Information on Antique English Furniture is so prolific that I decided to squeeze it all down to a mini furniture guide for you.
Queen Anne (1702-1714)
Queen Anne furniture took on graceful and harmonious outlines, parquetry gave way to plain veneer and heavy carving was out of fashion. Walnut was much in use.
The cabriole (Italia: capriole- hind leg of a goat!) leg made it possible to do away with stretchers on legged furniture. Although these cabriole legs ended with hooves it was not unusual to find paw feet and even claw and ball feet.
The splat back or central panel in the form of slightly carved vases were also typical of antique english furniture of this period.
Claw and ball became popular in England after 1710. Meant to represent the claw of the imperial Chinese dragon clutching a pearl.
This was a reign of prosperity and with this wealth came mobility. Fashionable Young Gentlemen went off on 'grand tours' of Europe, one of the most important stops being Italy.
The very wealthy took to placing heavily carved and gilded furniture of Italian influence in their grand houses. These ostentatious Baroque style pieces went wonderfully with the Palladian style brought back from Italy by William Kent.
Towards the middle half of the Early Georgian Period (1714-1760) the decorative Rococo, with its foliage, scrolls, icicles and rock-work (from which the name rococo is derived) started to come into its own.
England's most famous exponent of Rococo was of course Thomas Chippendale. It was in 1754 that he produced 'The Gentleman and Cabinet Maker's Director'.
I remember years ago, while working in an English Antique Shop, having the luck to be able to page through an antique copy of this book.
Apart from other antique English furniture we also had the odd piece of Chippendale to sell, but even then (30 years ago) this was a rare occurrence and unlikely to have been made by the great man himself!
The Oriental style also became very popular and was to influence many pieces of antique furniture. Japanning and imported lacquer work were used for the new chinoiserie decoration and included items such as chairs, beds, commodes and tea tables.
The late Georgian period brought along the Adams brothers (Robert and James) . Robert Adam, Architect-designer (1728-92) who had spent some time in Italy, was fascinated with the straight lines and delicate decoration - Greek keys, mythological figures, honeysuckle, festoons of corn husks and bell shaped flowers, etc.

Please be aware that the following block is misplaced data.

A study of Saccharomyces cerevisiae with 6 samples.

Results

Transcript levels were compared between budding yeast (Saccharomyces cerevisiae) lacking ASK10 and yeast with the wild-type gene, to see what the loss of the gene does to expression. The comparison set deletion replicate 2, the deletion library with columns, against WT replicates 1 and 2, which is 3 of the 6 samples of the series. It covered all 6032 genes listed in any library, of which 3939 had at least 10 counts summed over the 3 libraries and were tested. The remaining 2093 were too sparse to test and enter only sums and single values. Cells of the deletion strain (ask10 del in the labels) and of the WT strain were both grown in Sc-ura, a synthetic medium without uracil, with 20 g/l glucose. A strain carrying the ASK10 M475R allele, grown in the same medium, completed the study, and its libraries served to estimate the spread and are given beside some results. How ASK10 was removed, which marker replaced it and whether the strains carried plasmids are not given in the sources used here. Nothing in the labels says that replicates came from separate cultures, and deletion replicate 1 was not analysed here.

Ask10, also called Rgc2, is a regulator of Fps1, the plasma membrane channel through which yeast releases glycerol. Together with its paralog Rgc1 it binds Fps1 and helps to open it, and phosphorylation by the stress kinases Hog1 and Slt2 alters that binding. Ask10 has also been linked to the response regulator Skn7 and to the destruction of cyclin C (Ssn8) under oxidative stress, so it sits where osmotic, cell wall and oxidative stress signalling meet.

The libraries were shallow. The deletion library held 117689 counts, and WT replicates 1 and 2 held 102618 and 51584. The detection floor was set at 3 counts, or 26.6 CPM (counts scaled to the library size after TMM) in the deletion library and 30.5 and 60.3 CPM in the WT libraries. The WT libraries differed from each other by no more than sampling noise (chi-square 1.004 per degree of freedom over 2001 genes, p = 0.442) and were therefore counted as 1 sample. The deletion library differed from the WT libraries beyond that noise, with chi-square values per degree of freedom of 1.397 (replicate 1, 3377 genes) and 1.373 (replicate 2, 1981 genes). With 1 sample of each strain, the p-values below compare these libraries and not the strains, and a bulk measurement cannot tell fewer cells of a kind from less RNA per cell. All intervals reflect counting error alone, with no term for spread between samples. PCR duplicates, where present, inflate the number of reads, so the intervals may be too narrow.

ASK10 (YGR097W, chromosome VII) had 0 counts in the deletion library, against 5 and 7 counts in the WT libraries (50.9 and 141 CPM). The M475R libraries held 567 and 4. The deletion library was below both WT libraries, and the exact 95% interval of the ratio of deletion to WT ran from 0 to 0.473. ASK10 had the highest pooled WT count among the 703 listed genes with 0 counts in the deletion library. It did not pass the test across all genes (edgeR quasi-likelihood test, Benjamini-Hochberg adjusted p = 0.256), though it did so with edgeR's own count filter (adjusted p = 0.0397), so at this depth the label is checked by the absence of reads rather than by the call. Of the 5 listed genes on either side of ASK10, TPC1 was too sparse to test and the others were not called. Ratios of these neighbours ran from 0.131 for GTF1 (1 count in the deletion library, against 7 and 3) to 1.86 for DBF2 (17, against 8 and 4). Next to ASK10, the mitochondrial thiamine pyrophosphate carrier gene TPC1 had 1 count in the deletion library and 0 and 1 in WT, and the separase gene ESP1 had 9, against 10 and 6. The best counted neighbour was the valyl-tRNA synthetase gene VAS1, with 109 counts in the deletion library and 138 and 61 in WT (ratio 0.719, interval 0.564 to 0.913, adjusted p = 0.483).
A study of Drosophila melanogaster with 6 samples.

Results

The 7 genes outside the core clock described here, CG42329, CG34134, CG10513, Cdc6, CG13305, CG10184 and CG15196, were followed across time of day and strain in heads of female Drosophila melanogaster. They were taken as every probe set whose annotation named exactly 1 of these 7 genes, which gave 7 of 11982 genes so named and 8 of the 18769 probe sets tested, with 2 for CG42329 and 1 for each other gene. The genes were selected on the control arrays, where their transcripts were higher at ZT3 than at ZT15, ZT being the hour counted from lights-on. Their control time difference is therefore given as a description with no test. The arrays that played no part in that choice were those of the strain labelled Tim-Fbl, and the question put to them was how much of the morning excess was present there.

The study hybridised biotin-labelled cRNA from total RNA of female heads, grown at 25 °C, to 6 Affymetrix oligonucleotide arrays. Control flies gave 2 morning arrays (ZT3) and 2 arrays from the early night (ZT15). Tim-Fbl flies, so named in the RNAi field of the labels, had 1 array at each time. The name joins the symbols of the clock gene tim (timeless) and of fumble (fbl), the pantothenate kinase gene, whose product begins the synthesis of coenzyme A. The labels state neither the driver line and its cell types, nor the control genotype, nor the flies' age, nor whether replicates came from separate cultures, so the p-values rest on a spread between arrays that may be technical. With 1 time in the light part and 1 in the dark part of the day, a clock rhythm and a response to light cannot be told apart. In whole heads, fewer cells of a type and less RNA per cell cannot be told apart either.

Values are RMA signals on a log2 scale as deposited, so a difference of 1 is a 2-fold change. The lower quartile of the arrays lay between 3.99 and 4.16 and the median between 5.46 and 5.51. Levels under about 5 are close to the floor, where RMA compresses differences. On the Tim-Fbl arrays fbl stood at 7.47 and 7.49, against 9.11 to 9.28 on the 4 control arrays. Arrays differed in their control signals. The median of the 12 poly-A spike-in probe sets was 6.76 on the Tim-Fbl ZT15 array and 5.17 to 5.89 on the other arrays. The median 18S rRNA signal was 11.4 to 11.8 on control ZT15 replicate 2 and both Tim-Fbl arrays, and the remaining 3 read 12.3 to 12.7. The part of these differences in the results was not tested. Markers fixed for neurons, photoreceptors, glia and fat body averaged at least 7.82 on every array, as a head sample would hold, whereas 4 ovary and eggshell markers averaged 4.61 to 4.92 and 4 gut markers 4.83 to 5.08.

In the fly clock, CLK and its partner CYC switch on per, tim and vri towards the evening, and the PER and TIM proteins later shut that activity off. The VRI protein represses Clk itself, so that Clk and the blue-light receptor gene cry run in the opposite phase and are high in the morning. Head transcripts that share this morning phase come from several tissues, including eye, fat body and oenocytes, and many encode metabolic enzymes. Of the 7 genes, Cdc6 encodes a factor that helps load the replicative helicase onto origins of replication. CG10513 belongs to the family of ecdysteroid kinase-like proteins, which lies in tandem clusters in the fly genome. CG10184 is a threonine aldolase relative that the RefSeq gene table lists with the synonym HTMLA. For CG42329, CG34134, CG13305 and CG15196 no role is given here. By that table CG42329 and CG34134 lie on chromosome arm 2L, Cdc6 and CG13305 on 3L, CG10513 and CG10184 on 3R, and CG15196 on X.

Around 1763 the Neoclassical
style became established in England. Adam's stylistic innovations
exerted a profound influence on furniture styles of antique English
furniture of the period.
George Heppelwhite's 'The Cabinet Maker and Upholsterer's Guide' (published in 1788, two years after his death) which was aimed at a wider market with a much greater range of furniture, became popular and overtook Adams popularity.
The Shield-back dining chair, the splayed bracket foot and the revived slender version of the cabriole leg are amongst Heppelwhite's many delightful designs.
Thomas Sheraton (1751-1806) produced the 'drawing Book' between 1791 and 1794 interpreting the Adam styles, which Heppelwhite had also done in a less ornamental simple style, which is representative of the fashions of the decade. He was also influenced by the Louis XVI style.
French aristocrats were not the only people fleeing from the revolution. The influx of furniture-makers meant that English designers and furniture-makers became more familiar with French styles and work.
bamboo was to be seen especially the ringed turning inspired by bamboo,
was used extensively on straight-legged furniture. The love of the
Oriental was evident again.
Two influential figures of the early nineteenth century were Thomas Hope (1769-1831) a rich young man who travelled extensively and having settled in London set to designing and decorating his house in the neo-classical style to accommodate his collections. His designs took on much of the Egyptian styles.
Hope published his designs "Household Furniture and Interior Decoration" which was influential throughout the Regency Period.
The other was George Smith, a cabinet-maker and furniture designer, who published the 'Collection of Designs for Household Furniture and Interior Decoration' in 1808, in which many of Hopes ideas were made available along with many designs for domestic english furniture.
Mass production started around 1800 to meet the growing demands of an expanding population.
The simple and austere plain surfaces, with minimal decoration fashionable in England at this time were very suitable for this mass production. Egyptian sphinxes, griffins, hairy paws and sabre legs.
Ebony stringing came into vogue with the death of Nelson (1805) - a sign of mourning.
Around 1810 brass inlays and stringing in the dark back ground of rosewood and mahogany furniture were very popular.
Satinwood and maple were popular after 1820 and the forms became less elegant. Scrolling forms and volutes reappeared.
In the period known as the William IV style (William IV 1830-1837) , the graceful legs of the earlier Regency period become stumpy and bulbous anticipating the ponderous fashions of the early Victorian period.
Gadrooned edge moulding along with hairy paw feet is characteristic of english antique furniture of this period.
Please be patient - I am busy getting information and pictures together on antique victorian furniture .... thanks!